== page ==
It’s happening again.

Well, in truth, it never stopped.

It didn’t stop after Travon Martin was killed. His crime was wanting skittles and a soda.

It didn’t stop after Jordan Davis was gunned down because his killer deemed Davis’s music to be too loud.

It didn’t stop when Tamir Rice, a 12-year old child playing with a BB gun, was shot and killed.

It didn’t stop after Philando Castile was killed when stopped for a broken taillight while his girlfriend and her young child could only watch.

It didn’t stop when Botham Jean, sitting in his home, was shot and killed by a female police officer when she said she mistakenly walked into his apartment thinking it was hers.

It didn’t stop when Ahmaud Arbery was chased down and killed while he was jogging.

It didn’t stop when George Floyd said multiple times that he couldn’t breath – dying on the ground with a knee in his neck.

It is a pain too deep to be born – and yet we bear it.

A fear too close to the heart to ignore.

My husband has asked our grown sons, and me, to put our car’s registration in the sunglass holder. Our hope – our prayer—is that if we should be stopped, reaching up into a smaller compartment which can be easily seen through the windshield will be less threatening than putting a hand in the glove box. We hope this small act will give our sons, and ourselves, the added chance to live.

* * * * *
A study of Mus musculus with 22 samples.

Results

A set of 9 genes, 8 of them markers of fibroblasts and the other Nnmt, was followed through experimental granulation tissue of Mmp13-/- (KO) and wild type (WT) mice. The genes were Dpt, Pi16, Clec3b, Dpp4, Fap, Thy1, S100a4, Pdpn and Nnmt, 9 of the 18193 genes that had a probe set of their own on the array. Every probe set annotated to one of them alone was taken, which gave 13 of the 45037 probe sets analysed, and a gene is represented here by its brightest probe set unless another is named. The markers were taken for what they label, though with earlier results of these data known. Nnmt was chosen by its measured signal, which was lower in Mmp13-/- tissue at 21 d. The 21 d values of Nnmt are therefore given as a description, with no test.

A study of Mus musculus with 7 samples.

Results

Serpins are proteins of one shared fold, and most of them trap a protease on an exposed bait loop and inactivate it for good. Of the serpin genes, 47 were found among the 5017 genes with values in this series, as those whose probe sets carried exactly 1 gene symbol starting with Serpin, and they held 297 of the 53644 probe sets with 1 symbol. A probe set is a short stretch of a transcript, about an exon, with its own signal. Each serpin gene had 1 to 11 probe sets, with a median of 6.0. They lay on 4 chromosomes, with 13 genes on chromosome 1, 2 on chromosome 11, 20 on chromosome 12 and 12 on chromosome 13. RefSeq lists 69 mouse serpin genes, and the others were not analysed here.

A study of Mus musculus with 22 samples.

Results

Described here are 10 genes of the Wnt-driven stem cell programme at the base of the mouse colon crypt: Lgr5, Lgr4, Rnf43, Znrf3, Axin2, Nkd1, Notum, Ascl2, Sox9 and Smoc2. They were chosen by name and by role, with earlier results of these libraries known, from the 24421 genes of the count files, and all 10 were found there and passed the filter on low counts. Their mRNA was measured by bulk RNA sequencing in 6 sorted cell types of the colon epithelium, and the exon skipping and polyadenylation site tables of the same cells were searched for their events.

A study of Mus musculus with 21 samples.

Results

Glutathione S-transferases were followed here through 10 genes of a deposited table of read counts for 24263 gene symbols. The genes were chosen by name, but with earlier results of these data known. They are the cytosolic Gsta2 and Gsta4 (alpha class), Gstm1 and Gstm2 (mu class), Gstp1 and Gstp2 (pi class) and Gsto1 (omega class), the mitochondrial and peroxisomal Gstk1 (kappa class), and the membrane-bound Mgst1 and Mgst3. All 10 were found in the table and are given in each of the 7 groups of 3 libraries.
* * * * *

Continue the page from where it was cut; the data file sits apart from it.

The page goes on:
Indeed, even in this time of the virus, we are careful. As a family, we regularly meet on-line and share the details, large and small, that bind us together. At the end of each call, I say the same warning, “Remember black men should not wear black masks.” We laugh, knowing it is not a joke. We understand it is not just the virus that can kill suddenly, without warning or reason.

And, yet, when we go to work, we’re expected to leave our ugliest truths outside the office door.

At work, we talk of inclusion. We encourage the bringing of our experiences to the forefront. But the inclusion of our fear for our sons and daughters is uncomfortable and unwelcome. The inclusion of history has little bearing, we’re told, on the business at hand. Our silence is expected. Our deaths and the true depth of our pain is to be politely ignored.

 And, to be honest, it is the hardest truths for all groups who are non-standard – whose deepest pains are often viewed as matters of bad taste.

In reality, genuine inclusion is not always a joyful merging of cultures and ideas. Sometimes it’s also a bearing of witness of pain. It’s an acknowledgement of experiences we’d rather not see. Inclusion, real inclusion, is a merging of new ideas and perspectives. It’s seeing and acknowledging all of the realities of others’ experiences not just the little discomforts. And it is the beginning of change. This change, though, cannot, should not be ours alone. WE must decide that inclusion, humanity, is not just a slogan but a right. And, WE must be willing to make that change become reality.